The Arab spring started in Tunisia in late 2010, when self-immolation of a street vendor in a provincial town of Sidi Bouzid sparked mass anti-government protests. Unable to control the crowds, the then President Zine El Abidine Ben Ali was forced to flee the country in January 2011 after 23 years in power. Over the next months, Ben Ali’s downfall inspired similar uprisings across the Middle East. Echoes of the Arab spring were heard in Egypt, Libya, Algeria, and Morocco. The people of these countries, to a certain extent, succeeded in their quest to see the dictators removed but just to be replaced by another dictator in another form.
The people of Sudan buoyed by the recent success of the Algerian version of the second wave of the Arab spring, have been persistent in their endeavor to remain on the street until President Omar al Bashir resigned. Like the people of Algeria, they have demanded that not only the President should go, but the system that has been put in place and has been perpetually sustaining those in power.
As I write this article, news just coming in is that President Omar al Bashir has been overthrown by the Sudanese Army and is now under arrest with some of his henchmen. General Ahmed Awad ibn Auf has announced that they will set up a transitional military council which he will preside over and rule the country for the next 2 years, a development which has been rejected by the people on the street. Already, some opposition parties and trade unions have condemned the coup. They argue that the removal of Bashir won’t solve anything except to perpetuate the suffering of the people if the Army takes over.
The protests started in mid-December in Atbara, a city in River Nile State, about 180 miles from Khartoum as a spontaneous reaction to rising prices after Mr. Bashir’s decision to end fuel and wheat subsidies, following recommendations of the International Monetary Fund (IMF). When the protests broke out, inflation in Sudan had soared to 72.94 percent, the second highest rate in the world after Venezuela.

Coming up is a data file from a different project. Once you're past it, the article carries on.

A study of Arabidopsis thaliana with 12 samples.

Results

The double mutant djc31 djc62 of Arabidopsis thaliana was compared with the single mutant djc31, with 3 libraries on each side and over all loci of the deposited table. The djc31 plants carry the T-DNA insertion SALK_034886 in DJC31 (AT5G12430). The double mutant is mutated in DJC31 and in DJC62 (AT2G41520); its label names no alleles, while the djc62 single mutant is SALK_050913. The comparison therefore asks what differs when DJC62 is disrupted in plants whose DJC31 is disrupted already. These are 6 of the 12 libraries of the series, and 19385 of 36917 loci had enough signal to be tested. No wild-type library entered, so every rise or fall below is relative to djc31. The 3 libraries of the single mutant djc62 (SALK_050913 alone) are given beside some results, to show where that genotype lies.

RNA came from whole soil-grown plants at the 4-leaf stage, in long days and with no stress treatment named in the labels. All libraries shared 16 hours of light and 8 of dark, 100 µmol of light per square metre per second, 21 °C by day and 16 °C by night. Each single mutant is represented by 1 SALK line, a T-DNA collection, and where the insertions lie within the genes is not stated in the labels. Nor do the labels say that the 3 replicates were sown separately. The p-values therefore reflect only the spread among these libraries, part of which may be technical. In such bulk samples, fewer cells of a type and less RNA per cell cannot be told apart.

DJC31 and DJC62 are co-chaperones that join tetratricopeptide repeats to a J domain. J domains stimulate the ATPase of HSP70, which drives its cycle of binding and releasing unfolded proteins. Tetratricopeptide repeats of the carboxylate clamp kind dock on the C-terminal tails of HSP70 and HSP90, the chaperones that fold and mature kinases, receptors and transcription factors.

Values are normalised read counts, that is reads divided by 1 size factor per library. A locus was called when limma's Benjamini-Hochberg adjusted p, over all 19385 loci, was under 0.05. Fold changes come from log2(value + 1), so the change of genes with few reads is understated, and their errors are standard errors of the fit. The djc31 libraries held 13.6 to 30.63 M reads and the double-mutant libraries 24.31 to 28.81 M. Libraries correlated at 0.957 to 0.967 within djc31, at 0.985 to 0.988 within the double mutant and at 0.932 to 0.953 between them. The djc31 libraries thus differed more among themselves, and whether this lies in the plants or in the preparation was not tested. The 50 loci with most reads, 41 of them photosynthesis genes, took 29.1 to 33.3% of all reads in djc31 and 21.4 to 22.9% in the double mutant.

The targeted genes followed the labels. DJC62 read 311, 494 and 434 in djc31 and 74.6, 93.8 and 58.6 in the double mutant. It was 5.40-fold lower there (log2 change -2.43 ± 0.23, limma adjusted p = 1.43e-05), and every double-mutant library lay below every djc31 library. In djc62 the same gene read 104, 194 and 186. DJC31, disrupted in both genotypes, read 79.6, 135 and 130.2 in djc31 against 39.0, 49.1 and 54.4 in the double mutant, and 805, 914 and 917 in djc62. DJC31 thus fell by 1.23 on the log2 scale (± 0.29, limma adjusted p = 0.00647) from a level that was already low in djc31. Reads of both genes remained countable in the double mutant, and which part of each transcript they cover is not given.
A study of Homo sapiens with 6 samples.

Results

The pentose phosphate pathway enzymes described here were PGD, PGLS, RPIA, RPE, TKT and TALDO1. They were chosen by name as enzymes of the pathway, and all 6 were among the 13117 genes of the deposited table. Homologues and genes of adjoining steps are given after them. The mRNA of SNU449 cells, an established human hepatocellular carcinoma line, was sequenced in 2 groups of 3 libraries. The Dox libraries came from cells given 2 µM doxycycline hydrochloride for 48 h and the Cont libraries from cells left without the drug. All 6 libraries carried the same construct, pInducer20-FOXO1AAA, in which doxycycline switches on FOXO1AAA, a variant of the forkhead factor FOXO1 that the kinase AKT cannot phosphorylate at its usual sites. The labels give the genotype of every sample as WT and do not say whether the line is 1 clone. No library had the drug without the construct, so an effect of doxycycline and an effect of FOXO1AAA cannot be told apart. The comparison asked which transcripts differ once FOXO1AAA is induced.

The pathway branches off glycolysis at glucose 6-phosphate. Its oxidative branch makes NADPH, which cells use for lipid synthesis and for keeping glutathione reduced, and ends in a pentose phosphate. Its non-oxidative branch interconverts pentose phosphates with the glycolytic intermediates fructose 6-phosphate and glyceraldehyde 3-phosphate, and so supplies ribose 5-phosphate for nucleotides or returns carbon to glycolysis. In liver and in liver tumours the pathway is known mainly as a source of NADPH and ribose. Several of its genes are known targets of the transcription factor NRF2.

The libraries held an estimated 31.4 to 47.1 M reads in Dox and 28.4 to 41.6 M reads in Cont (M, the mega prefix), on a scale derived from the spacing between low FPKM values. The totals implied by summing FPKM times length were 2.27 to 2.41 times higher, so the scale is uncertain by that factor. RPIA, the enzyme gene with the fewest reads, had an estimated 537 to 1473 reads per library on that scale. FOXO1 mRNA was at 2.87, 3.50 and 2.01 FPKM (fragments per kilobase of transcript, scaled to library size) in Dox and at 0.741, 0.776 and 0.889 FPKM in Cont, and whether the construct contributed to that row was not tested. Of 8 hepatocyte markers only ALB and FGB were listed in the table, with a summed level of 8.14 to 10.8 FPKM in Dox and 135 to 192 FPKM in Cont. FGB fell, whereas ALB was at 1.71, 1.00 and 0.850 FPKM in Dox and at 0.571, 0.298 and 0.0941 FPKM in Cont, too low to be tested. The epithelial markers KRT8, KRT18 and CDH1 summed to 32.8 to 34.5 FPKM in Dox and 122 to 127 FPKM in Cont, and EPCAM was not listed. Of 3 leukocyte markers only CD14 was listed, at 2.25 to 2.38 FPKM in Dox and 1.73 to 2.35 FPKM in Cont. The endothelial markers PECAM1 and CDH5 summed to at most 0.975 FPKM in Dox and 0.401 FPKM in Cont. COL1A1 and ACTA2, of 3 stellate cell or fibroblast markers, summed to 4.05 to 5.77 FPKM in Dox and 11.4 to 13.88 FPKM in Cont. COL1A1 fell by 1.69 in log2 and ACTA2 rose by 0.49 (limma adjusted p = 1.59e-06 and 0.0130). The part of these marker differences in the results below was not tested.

The revolt, which has spread from Khartoum to all cities of Sudan’s 18 provinces, is led by disgruntled young professionals from the classes that were long tolerant of Mr. Bashir’s iron-fisted rule. In the wake of the overthrow of President Bashir, the young professionals have since instructed the people to remain on the streets. They are refusing to allow the military to take power for the next two years before elections are held.
Despite people being killed by security forces, tens of thousands of people across Sudan have been peacefully protesting the oppressive rule of President Omar Hassan al-Bashir, who has ruled the country for 30 years.
The African Union is again silent on what is going on in Sudan. Perhaps they are waiting to hear from their masters from Europe and the USA first. Of late, the trend in Africa has been to allow the military people to take power when one dictator falls only to be replaced by another dictator disguised as a democrat. When will the African Union ever be on the side of the people? Why does the AU turn a blind eye to such kind of behavior from its member states? Are we going to see Sudan’s military being sanctioned by the AU? According to AU resolutions, the military is not allowed to take power in a coup. It seems like from Cape Town to Cairo, the ruling elite on our continent is a cabal that protects each other. The people on the continent have been abandoned and are on their own.
With people like General Abdul Fattah el-Sisi in at the helm of the AU, we really can’t expect much from the AU. Instead, he can only influence his colleagues to read from his script. What happened in Egypt is today being replicated in Algeria and Sudan. The people of Algeria and Sudan must stand firm and refuse the imposition of recycled dictators and fight for their rights to choose and remove leaders. All that the people want is food, jobs, decent housing, education and quality healthcare and nothing less. They want their human rights honored and respected so that they may live with dignity.